Student Report No. SR41

Quantifying rooting at depth in a wheat doubled haploid population with introgression from wild emmer

Christina Clarke1, Peter Gregory1, Martin Lukac1 and Mike Gooding2

 1School of Agriculture, Policy and Development, University of Reading, Whiteknights, Reading, RG6 6AR

2Institute of Biological, Environmental and Rural Sciences, Aberystwyth University, Plas Gogerddan, Aberystwyth, Ceredigion, SY23 3EE

 Supervisor: Professor Mike Gooding, Professor Peter Gregory, Dr Martin Lukac

 Abstract

Wheat root systems may not be optimal for the acquisition of subsoil water, due to excessive root growth in surface layers and inadequate soil exploration at depth. The aim of this project was to study the phenotypic and genetic diversity of rooting at depth within the wheat doubled haploid population of Shamrock x Shango. Shamrock has recent introgression from wild emmer (Triticum dicoccoides) and exhibits a non-glaucous trait mapped to the short arm of chromosome 2B (2BS). The population was genotyped using the Wheat Breeder’s 35k Array, and a linkage map produced to facilitate study of the association of rooting and wild emmer introgression. Rooting in doubled haploid lines was measured in the field (below 50 cm), at and shortly after anthesis, in addition to canopy traits of photosynthetic capacity, spectral reflectance indices and canopy temperature. Root traits of field-grown plants were compared to lines grown in a seedling screen and within rhizotrons to the end of tillering.

Shamrock had greater root length density (RLD) than Shango at depth in the field and within the rhizotrons. The DH population exhibited diversity for rooting traits within the three environments studied. QTL were identified on 5D, 6B and 7B, explaining variation in RLD post-anthesis in the field. Effects associated with the non-glaucous trait on RLD interacted significantly with depth in the field and some of this interaction mapped to 2BS. The effect of genotype interacted greatly with the context of root assessment: e.g. glaucousness expressed in the field was negatively associated with RLD in the rhizotrons, but positively associated with length in the seedling screen.

Non-glaucous lines yielded more than glaucous lines, associated with a stay green trait inherited from wild emmer. RLD in the field at anthesis had a significant negative association with canopy temperature. Significant relationships were found for spectral reflectance indices measured at ear emergence and rooting at depth. However, these relationships were dependent on the glaucousness of the canopy.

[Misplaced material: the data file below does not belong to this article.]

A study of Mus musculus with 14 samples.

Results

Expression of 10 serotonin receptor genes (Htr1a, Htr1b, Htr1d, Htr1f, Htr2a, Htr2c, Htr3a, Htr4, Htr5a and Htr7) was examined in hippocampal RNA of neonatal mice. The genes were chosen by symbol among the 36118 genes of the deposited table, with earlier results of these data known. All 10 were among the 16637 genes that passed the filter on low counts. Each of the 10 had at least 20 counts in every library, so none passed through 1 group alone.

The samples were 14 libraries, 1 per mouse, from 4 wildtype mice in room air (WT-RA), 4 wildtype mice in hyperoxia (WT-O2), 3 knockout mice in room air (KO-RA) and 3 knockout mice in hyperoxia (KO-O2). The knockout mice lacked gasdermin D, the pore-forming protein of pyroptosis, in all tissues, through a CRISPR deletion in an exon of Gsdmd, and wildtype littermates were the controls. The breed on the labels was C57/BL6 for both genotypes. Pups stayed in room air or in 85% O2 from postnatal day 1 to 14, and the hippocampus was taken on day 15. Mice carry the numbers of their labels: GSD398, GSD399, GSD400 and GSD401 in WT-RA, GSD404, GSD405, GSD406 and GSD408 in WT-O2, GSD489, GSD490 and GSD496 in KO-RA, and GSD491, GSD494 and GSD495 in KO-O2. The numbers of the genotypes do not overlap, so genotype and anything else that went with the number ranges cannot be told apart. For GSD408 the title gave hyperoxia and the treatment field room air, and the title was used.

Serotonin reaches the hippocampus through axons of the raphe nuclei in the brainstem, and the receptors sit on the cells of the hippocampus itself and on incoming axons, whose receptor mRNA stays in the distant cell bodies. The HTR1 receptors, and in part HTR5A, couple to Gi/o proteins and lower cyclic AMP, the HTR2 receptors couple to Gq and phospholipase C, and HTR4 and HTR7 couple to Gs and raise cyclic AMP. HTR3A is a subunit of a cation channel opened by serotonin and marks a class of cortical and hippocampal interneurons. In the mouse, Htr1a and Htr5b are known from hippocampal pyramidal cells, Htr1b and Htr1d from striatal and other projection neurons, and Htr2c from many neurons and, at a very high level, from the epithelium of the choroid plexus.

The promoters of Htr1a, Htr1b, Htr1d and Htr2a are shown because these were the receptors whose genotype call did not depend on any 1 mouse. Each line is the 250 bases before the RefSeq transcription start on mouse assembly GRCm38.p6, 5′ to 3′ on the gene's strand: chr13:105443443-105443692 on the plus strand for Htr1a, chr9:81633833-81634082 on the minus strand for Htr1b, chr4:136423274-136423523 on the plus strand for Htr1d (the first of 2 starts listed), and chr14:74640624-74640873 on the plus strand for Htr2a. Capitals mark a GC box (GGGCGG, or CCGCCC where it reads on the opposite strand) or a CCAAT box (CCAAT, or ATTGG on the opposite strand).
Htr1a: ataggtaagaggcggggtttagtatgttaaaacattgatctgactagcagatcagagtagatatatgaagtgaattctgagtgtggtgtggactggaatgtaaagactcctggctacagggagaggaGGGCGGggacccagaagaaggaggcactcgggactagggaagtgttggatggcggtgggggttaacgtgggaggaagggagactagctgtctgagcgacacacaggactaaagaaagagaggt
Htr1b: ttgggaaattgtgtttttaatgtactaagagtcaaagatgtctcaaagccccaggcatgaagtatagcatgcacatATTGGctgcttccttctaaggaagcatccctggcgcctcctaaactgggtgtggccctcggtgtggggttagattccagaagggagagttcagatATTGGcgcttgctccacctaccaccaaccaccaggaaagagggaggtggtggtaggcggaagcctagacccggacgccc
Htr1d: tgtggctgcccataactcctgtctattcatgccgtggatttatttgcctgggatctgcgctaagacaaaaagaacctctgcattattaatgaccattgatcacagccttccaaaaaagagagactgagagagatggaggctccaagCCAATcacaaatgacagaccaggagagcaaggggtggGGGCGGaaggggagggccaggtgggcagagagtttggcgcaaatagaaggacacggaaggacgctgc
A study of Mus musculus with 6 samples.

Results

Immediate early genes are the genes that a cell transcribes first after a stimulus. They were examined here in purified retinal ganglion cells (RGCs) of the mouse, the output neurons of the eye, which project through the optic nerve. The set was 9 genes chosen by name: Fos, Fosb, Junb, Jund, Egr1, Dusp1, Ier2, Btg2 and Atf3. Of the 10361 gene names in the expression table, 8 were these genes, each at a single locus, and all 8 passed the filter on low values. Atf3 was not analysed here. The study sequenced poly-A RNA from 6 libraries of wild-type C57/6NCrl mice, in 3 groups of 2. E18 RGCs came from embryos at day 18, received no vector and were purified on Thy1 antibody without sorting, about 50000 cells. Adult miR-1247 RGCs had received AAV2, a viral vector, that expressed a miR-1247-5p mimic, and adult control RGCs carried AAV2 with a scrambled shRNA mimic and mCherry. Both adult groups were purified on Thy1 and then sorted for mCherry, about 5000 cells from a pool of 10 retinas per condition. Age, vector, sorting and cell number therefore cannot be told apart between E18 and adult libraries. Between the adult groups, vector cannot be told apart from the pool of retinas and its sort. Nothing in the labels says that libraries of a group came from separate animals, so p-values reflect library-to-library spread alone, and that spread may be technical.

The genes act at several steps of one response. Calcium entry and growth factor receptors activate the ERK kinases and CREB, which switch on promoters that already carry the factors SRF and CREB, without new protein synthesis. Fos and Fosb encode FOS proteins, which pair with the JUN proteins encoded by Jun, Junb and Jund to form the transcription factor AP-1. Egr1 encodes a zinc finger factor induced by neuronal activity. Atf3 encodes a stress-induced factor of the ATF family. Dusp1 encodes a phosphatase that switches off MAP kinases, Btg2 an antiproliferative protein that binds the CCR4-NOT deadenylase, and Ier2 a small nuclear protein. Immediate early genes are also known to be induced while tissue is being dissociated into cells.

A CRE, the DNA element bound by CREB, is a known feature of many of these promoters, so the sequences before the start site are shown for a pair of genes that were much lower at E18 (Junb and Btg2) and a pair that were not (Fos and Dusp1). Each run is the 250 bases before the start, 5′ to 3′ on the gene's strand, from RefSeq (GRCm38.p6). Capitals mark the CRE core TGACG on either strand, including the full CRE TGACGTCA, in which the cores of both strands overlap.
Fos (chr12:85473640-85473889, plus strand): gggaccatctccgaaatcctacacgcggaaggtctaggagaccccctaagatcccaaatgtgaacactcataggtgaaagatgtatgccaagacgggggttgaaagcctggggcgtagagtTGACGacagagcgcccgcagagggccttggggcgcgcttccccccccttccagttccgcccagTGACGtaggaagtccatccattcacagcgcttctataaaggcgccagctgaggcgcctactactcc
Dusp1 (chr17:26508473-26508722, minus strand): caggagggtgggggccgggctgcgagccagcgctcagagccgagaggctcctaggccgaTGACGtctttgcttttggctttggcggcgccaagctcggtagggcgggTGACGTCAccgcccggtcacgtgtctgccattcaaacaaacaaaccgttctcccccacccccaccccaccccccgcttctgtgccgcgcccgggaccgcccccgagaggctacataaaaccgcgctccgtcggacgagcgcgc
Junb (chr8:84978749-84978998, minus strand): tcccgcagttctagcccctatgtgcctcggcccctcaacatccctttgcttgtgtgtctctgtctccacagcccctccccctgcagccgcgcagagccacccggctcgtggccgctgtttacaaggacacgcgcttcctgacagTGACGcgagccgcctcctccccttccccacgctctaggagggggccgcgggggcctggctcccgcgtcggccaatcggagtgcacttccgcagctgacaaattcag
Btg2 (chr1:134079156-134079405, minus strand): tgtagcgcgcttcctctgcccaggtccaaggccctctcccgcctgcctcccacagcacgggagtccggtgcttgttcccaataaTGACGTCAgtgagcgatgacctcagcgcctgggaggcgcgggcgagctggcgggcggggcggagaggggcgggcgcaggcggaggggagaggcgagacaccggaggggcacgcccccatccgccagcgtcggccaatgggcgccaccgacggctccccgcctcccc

Wheat root systems may not be optimal for the acquisition of subsoil water, due to excessive root growth in surface layers and inadequate soil exploration at depth. The aim of this project was to study the phenotypic and genetic diversity of rooting at depth within the wheat doubled haploid population of Shamrock x Shango. Shamrock has recent introgression from wild emmer (Triticum dicoccoides) and exhibits a non-glaucous trait mapped to the short arm of chromosome 2B (2BS). The population was genotyped using the Wheat Breeder’s 35k Array, and a linkage map produced to facilitate study of the association of rooting and wild emmer introgression. Rooting in doubled haploid lines was measured in the field (below 50 cm), at and shortly after anthesis, in addition to canopy traits of photosynthetic capacity, spectral reflectance indices and canopy temperature. Root traits of field-grown plants were compared to lines grown in a seedling screen and within rhizotrons to the end of tillering.

Shamrock had greater root length density (RLD) than Shango at depth in the field and within the rhizotrons. The DH population exhibited diversity for rooting traits within the three environments studied. QTL were identified on 5D, 6B and 7B, explaining variation in RLD post-anthesis in the field. Effects associated with the non-glaucous trait on RLD interacted significantly with depth in the field and some of this interaction mapped to 2BS. The effect of genotype interacted greatly with the context of root assessment: e.g. glaucousness expressed in the field was negatively associated with RLD in the rhizotrons, but positively associated with length in the seedling screen.

Non-glaucous lines yielded more than glaucous lines, associated with a stay green trait inherited from wild emmer. RLD in the field at anthesis had a significant negative association with canopy temperature. Significant relationships were found for spectral reflectance indices measured at ear emergence and rooting at depth. However, these relationships were dependent on the glaucousness of the canopy.